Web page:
Ingredient transparency. Beer tech. The future of luxury.
Buying a serum has never been so complicated.
During a recent Heyday appointment, I was asking an aesthetician about what could be the next big on-trend skincare ingredient.
(Spoiler alert: Bilberry could be the new turmeric).
This is probably a question that I wouldn’t have thought to ask a few years ago.
But today, consumers are increasingly demanding more insights about what their products are made of — especially as the link between specific cosmetic ingredients and health issues has become more apparent.
Ingredient transparency has become a top priority not only for beauty and personal care brands, but also for CPG and retail companies more broadly.
Corporates like Unilever, P&G, and Target are tapping into this trend through acquisitions, accelerators, internal brand incubation, and more.
The grass is always greener (and cleaner) on the other side
One of the biggest ways ingredient transparency has manifested is through the clean beauty movement.
Farm-to-face, seed-to-skin — whatever you call it, the clean beauty economy is booming.
The global natural and organic beauty market was worth $11B in 2016 and is expected to double by 2024, according to Ernst & Young.
Mentions in earnings calls of clean beauty, natural and organic cosmetics, and more have also risen to new highs over the last year.
But there’s a not-so-green side to the clean beauty movement
Currently, the FDA has limited regulatory oversight over cosmetics manufacturing and ingredient standards. In fact, US cosmetics regulations haven’t been updated since 1938.
So, despite their widespread use, terms like “natural” and “clean” are unregulated and therefore have no consistent standard across beauty and personal care.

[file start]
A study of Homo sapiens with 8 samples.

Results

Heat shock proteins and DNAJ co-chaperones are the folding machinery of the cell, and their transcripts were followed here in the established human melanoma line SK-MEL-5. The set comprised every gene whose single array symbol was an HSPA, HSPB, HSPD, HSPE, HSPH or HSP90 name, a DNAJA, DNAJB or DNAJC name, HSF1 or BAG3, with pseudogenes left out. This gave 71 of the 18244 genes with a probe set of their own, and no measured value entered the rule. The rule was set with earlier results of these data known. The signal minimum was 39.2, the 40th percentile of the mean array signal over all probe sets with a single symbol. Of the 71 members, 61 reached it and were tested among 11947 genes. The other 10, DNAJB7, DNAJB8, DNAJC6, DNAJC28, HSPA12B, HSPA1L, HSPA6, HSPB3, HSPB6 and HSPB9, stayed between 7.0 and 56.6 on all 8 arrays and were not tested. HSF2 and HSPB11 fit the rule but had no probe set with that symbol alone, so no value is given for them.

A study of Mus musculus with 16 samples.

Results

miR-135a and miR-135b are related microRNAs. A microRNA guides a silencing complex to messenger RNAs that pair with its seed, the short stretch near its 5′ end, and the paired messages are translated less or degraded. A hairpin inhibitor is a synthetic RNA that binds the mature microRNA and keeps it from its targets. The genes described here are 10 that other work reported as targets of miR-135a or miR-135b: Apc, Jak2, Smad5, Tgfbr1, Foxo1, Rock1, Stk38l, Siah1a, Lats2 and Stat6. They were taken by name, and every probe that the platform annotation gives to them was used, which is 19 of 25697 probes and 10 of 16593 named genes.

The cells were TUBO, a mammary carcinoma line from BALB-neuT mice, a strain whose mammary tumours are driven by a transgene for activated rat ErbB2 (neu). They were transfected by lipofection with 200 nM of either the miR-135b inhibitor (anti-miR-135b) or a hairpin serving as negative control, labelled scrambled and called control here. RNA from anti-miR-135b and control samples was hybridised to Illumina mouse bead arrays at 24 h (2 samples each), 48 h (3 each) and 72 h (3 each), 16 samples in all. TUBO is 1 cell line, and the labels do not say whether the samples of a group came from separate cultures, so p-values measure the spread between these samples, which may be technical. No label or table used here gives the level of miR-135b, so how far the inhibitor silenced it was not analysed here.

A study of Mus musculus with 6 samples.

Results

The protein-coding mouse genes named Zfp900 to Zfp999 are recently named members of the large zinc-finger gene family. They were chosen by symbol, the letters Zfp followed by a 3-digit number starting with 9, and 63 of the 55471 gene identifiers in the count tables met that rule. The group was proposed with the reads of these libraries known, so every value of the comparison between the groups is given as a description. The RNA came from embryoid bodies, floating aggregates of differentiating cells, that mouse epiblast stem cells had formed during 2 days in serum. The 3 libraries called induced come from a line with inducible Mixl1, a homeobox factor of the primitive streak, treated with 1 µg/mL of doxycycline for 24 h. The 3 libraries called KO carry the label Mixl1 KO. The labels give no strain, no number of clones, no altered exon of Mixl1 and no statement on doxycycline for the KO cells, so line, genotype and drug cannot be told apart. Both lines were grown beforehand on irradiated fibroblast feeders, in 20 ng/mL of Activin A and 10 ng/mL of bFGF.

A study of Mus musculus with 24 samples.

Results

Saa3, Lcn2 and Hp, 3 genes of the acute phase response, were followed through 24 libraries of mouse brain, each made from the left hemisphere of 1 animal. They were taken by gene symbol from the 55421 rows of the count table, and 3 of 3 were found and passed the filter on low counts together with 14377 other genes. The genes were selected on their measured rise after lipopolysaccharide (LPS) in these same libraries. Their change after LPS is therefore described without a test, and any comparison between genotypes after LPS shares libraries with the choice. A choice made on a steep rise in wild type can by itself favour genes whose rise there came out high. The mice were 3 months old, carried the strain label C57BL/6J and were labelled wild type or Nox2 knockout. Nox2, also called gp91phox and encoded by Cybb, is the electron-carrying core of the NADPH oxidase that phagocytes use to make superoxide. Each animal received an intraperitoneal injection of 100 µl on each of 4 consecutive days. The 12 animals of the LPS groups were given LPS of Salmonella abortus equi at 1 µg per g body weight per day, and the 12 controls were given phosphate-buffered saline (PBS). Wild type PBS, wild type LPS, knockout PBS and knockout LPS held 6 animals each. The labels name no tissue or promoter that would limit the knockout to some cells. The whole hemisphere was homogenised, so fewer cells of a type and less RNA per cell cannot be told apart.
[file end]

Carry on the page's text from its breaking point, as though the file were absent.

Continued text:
As a result, brands have gotten into major trouble for “greenwashing,” or advertising products as “better-for-you” when that may not be the case.
And on the flip side, brands are playing on consumer fears by shaming ingredients like parabens, which may actually not be as harmful as marketing suggests.
TLDR: Not all natural ingredients are good and not all synthetics are bad. Often, ingredient concentrations are more important than the actual ingredients themselves.
Despite these issues, ingredient transparency is a trend that’s here to stay. Here are 3 ingredient transparency trends CPG & retail companies should be paying attention to.
For those of us who don’t have the savvy or patience to sit and read cosmetic labels, technology is aiming to do the work for us.
Ingredient transparency apps that aim to educate consumers on cosmetic ingredients have cropped up.
Beyond mobile, connected packaging could also play a bigger role in promoting ingredient transparency through digital content and tutorials.
For example, active beauty brand Yuni Beauty partnered with smart packaging company Thinfilm to integrate NFC tags, allowing customers to access digital experiences which showcase the brand’s story and products.
Voice technologies could also support ingredient transparency.
Voice assistants — which beauty companies have already been partnering with — could even start offering more ingredients-based skills in the future. (Think “Alexa, is this moisturizer formaldehyde-free?”)
Sugar cane-based squalane (Amyris-owned Biossance, which sells its products in Sephora)
Ethically-sourced keratin (hair care brand Virtue Labs).
Biotech-based ingredients could prove especially useful for natural beauty brands as ingredient sourcing remains a huge challenge.
New ingredient sourcing standards & ethical labels
Vegan? Gluten-free? Non-GMO? If you think cosmetic labels are already complicated, guess again.
From “wild” skincare to halal-certified cosmetics, brands are pursuing new sustainable sourcing standards and ethical labels beyond organic and cruelty-free cosmetics.
Beauty brands are also partnering more with agricultural research firms to help develop new ingredients for product development as well as bring R&D facilities to the public eye.
Though ingredient sourcing has historically been a trade secret for beauty companies, such standards, labels, and partnerships could help consumers navigate confusion around “natural” products.
It also could help brands distinguish themselves as the clean beauty market becomes more crowded.
Ultimately, the ingredient transparency trend will go more mass-market and global across all consumer products.
Upcoming regulation in the US — from the passing of the California Cruelty-Free Cosmetics Act to more recent proposals for national sunscreen reform — suggests that greater ingredient transparency is on the horizon.